Original Research

Die aard en funksie van Zoeloe-folklore in Die ding in die vuur van Riana Scheepers

G. H. Taljaard
Literator | Vol 20, No 2 | a464 | DOI: https://doi.org/10.4102/lit.v20i2.464 | © 1999 G. H. Taljaard | This work is licensed under CC Attribution 4.0
Submitted: 26 April 1999 | Published: 26 April 1999

About the author(s)

G. H. Taljaard, Departement Afrikaans, Vista, Mamelodi Kompus, Pretoria, South Africa

This article is concerned with how and why Zulu folklore and oral narrative traditions are absorbed in the literature of the writer Riana Scheepers. Scheepers does not use Zulu culture in her work to make it part of the struggle genre. The question therefore arises: Why does Scheepers, a modern, even postmodern writer, make use of the prehistoric, ancient Zulu oral narrative tradition?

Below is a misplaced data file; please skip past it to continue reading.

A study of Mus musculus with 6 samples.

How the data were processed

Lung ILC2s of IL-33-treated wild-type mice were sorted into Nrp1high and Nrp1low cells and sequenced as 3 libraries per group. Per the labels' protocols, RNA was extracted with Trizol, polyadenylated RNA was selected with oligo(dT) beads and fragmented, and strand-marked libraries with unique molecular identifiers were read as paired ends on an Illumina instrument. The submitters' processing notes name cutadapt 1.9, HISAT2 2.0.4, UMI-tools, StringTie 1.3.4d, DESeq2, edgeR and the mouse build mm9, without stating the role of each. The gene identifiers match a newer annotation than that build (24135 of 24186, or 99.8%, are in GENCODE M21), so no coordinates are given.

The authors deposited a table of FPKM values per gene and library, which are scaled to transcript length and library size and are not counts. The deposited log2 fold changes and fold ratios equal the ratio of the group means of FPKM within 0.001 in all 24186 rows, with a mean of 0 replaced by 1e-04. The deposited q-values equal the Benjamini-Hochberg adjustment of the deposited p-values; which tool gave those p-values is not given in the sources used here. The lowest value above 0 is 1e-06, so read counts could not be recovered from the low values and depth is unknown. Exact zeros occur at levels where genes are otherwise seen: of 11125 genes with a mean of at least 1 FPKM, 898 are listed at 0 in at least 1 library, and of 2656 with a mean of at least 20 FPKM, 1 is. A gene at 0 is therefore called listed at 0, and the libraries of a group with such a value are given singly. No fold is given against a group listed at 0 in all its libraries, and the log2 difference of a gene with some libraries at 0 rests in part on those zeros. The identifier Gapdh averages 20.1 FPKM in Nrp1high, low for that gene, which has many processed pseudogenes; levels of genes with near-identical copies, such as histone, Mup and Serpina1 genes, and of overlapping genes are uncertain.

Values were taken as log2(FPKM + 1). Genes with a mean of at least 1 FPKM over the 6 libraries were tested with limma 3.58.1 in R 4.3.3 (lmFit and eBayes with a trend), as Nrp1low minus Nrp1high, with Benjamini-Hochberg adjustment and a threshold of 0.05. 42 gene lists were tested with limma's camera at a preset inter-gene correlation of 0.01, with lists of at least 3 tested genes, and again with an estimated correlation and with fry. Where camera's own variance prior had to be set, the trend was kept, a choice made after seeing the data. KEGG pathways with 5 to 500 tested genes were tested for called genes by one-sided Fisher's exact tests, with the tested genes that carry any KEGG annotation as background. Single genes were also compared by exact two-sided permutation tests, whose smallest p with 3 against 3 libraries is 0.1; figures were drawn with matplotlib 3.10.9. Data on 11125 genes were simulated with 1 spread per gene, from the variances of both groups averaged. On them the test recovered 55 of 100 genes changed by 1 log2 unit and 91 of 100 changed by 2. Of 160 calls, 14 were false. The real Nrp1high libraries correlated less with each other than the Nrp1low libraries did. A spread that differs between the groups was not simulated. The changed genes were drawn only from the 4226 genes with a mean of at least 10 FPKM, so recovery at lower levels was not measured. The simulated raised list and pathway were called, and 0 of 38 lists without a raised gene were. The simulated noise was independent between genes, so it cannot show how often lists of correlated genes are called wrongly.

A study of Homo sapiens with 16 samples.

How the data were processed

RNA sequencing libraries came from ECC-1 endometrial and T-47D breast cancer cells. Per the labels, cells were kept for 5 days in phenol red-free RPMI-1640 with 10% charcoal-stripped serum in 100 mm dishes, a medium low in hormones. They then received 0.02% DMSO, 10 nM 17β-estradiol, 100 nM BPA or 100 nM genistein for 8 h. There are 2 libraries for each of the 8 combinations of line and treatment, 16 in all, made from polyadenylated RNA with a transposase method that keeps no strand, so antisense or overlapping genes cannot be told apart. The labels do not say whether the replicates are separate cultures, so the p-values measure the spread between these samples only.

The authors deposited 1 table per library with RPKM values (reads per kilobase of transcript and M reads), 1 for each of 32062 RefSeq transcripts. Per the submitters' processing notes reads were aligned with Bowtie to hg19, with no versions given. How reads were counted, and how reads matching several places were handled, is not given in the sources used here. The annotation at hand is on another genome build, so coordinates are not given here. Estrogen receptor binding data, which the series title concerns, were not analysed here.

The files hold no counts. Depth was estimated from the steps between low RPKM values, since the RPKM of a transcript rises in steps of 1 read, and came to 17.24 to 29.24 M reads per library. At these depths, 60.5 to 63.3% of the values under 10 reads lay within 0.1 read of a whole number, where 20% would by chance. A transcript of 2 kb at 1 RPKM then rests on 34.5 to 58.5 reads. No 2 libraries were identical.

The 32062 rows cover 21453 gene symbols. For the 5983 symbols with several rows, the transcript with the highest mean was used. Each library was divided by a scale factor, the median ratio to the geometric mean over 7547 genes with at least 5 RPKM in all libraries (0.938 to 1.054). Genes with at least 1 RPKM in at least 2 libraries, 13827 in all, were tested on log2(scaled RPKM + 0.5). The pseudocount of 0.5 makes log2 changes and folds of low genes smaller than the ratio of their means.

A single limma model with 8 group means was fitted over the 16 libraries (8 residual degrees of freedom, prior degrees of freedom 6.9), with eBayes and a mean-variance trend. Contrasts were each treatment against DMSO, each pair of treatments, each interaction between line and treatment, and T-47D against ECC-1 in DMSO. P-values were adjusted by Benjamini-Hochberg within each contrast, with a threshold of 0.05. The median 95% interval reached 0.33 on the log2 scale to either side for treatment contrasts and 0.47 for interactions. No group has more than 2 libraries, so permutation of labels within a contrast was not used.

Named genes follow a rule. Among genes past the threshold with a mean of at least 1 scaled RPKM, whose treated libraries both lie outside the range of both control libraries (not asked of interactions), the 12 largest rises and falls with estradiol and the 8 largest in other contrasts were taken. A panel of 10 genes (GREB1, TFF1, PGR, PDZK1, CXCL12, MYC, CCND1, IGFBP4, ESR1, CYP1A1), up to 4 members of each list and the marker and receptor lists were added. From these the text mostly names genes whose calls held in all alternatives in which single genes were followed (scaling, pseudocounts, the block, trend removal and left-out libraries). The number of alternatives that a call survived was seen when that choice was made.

As starting points for this article the following issues are explored: What is the nature of Zulu folklore and how has it been applied in the texts concerned? What is the function of Zulu folklore in Scheepers’ work?

In the oral narrative tradition, the ugogo (grandmother) is the narrator of the story and she tells her stories to the listeners (mostly children) to educate them in a very entertaining way, but also to adjure many social evils, symbolized by a variety of characters, such as animals, monsters and tricksters. Riana Scheepers uses the ugogo to create a story within a story in front of the reader's eyes, in other words, she uses the ugogo to create metatextuality. By writing stories, Scheepers also edifies her readers in an entertaining manner and like the ugogo, she adjures many social evils like violence, poverty, chauvinism and racism. By transforming truth into fiction (fictionalization), she makes the harsh realities of life tolerable and in this way protects herself and her readers against the horrific realities of modern life.